I have to be careful, or I will find myself binging on Patricia Wentworth's books - perhaps alternating with Emily Kimbrough's (if I were only doing the 20th Century of Books, I could knock out of couple of decades with their books alone). I've read several of the Miss Silver mysteries now, and I've enjoyed each of them, though not all to the same degree. I think this is my favorite so far. It was a recommendation from vicki at bibliolathas, in a comment on a post about cats in books. Her words "there is a wonderfully funny Crazy Cat Lady" were enough to send me searching for a copy of this book, and I'm so glad they did!
This story, published in 1951, is set in the small village of Greenings. The residents there are pleasantly scandalized by the unexpected return of Edward Random, who has been missing for five years. His widowed stepmother Emmeline never gave up hope, but his uncle James did, making a will that left everything to his brother Arnold rather than his nephew. Now James is dead, Arnold has taken possession of the estate and the family home, the Hall, and he shows no signs of sharing the inheritance with his suddenly-resurrected nephew. Edward doesn't help matters by refusing to say where he has been for the past five years. Many in the village assume he was in prison for unspecified but obviously dark crimes. Edward's own father had nothing to leave his son or second wife. Emmeline lives in the estate's lodge, courtesy of James and now Arnold. She has filled it with cats and kittens, though "She would rather have been making believe that Edward's children were her own grandchildren . . ."
Two newcomers arrive in the village shortly after Edward's return. Susan Wayne, whose Aunt Lucy lived in the village for many years, has been hired to catalogue the library at the Hall. She met Edward on her previous visits and is very glad to see him home again. Clarice Dean, a nurse who cared for James Random in his last illness, is even gladder. She had contacted the local doctor to ask if there are any patients who might need her services, as she would like to return to the area. Dr Croft recommended her to Miss Ora Blake, who "enjoyed ill health, and her nurses never stayed." As soon as Clarice meets Edward again, she begins a blatant pursuit. She is distracted from that, however, when a man is found is found drowned in the watersplash outside the village. On a visit to London, she meets Maud Silver, whom she knows by reputation, in a tea shop and confides her uneasiness over the man's death. Later Miss Silver decides to pay a visit to an old friend's daughter, now the wife of the Vicar of Greenings.
I won't say anything more about the plot, to avoid spoilers, except to say that Patricia Wentworth led me down the garden path with this one. In the last of her books that I read, The Traveller Returns, Miss Silver had a rather passive role, consulting and advising. Here she takes a much more active role, and in fact she drives the denoeument of the mystery, over the objections of the police. I couldn't help thinking what a formidable team she and Miss Climpson would make. She also helps both Edward and his Uncle Arnold in moments of crisis, in part simply by listening to them and then giving them her advice. I've noticed throughout these books that people who ignore her advice usually come to regret it (if they survive to regret it).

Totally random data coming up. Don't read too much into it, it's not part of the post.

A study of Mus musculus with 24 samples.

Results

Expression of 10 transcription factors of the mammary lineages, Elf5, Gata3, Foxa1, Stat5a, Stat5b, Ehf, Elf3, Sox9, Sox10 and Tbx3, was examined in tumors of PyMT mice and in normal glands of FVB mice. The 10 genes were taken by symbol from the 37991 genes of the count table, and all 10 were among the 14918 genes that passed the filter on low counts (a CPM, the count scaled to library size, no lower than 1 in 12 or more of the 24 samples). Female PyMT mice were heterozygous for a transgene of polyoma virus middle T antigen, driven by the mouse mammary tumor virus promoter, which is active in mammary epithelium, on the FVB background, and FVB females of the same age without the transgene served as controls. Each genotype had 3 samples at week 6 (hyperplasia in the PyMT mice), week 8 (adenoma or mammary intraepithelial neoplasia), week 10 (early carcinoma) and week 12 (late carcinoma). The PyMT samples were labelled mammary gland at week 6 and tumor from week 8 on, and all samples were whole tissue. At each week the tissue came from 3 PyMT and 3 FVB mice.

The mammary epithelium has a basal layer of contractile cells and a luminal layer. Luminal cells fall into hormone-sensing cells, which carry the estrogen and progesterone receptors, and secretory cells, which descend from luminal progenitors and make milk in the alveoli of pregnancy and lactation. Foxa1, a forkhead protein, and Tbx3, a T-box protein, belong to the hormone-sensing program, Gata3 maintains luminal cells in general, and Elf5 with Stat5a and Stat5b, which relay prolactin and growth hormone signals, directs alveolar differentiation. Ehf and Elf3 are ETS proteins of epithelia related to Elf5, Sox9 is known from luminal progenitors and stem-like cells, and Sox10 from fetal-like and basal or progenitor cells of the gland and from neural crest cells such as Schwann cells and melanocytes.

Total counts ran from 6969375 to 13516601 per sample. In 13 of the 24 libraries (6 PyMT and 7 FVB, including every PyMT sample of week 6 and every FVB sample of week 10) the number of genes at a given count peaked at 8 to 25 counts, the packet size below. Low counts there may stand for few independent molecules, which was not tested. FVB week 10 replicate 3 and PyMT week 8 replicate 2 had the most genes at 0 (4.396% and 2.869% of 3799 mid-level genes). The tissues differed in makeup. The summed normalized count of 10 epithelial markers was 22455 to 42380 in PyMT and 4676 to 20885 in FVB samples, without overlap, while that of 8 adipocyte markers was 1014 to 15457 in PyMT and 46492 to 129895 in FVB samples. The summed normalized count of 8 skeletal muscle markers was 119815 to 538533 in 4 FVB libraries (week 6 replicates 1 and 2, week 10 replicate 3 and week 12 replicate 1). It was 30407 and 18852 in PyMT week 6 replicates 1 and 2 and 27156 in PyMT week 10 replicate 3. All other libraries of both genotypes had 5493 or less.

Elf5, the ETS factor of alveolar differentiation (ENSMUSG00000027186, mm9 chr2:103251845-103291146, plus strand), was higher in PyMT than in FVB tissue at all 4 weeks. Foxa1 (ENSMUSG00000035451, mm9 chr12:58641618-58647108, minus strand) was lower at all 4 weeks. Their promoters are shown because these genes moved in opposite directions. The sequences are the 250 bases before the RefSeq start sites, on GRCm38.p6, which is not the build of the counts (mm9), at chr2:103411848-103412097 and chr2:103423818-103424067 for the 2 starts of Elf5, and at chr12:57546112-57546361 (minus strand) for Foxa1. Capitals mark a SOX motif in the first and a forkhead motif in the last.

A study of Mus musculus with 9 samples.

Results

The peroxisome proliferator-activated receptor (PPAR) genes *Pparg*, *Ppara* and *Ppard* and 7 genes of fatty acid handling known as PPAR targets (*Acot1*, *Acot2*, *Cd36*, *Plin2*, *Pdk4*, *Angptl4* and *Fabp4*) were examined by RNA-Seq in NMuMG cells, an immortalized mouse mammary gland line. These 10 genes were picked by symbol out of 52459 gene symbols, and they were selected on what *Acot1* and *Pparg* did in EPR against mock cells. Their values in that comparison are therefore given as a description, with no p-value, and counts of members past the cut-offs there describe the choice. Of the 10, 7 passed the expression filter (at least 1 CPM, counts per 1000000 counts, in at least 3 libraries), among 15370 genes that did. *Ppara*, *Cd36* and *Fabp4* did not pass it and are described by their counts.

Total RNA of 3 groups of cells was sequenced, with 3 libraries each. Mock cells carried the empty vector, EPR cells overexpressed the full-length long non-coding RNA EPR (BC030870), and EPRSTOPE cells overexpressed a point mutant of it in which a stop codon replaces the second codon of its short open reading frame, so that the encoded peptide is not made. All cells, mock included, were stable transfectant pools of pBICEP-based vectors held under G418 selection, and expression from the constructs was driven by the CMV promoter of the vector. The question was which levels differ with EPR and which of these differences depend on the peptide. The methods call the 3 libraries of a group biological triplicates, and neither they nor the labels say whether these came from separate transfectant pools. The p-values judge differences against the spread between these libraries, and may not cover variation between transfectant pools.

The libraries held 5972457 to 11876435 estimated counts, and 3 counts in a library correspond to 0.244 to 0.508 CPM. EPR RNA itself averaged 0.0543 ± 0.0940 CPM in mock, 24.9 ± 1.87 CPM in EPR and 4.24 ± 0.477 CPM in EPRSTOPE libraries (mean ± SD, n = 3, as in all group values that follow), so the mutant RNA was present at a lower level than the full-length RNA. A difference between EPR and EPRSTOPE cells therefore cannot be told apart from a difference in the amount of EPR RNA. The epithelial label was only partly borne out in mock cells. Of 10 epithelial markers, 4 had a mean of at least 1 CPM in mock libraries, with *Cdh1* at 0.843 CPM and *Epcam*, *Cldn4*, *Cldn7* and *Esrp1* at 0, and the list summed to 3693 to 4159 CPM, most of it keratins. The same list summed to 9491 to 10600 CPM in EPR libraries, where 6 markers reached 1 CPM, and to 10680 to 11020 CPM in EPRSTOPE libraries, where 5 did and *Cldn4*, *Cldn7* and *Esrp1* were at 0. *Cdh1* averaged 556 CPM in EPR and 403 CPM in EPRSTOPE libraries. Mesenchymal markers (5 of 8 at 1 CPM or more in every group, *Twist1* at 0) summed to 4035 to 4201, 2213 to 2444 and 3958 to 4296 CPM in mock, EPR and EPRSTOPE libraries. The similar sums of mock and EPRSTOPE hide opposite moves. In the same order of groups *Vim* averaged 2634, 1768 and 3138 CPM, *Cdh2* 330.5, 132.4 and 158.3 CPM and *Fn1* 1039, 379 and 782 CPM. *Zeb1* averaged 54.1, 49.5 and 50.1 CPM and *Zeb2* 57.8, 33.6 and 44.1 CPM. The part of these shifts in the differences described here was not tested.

The cats and kittens in this book are great fun, though they are never allowed to take over the story as they have Emmeline's house. She and Susan are both lovely characters.** I couldn't help envying Susan her job, working through a library of old books. Well-read herself, she can't resist dipping into some of them.
Susan spent a dusty morning finishing up the Victorian novelists. There seemed to be an incredible number of them. An entire set of Mrs. Henry Wood, including no less than three copies of the famous East Lynne. A notorious tear-jerker - but three copies! There were also sets of Charlotte M. Yonge, an author beloved by Susan's Aunt Lucy, and whose descriptions of vast Victorian families she herself had always found enthralling. There they were in their original editions, and obviously well-read. . . There was something tranquilizing about the ebb and flow of of these family histories, even when they dealt with such tragedies as this.
I need to find a copy of East Lynne! And I am glad that I have built up some credits at Paperback Swap, because Patricia Wentworth's books are hard to find around here. I came across a copy of Spotlight at Half Price Books, and when the clerk scanned it, she told me that the aged paperback was $60. Fortunately, she was able to correct the price by 95%. I've requested a copy of The Ivory Dagger, because that case is mentioned several times in this book.
**Possible mild spoiler: I can just picture how happy Emmeline will be with the ending of the story. I found it very satisfying myself.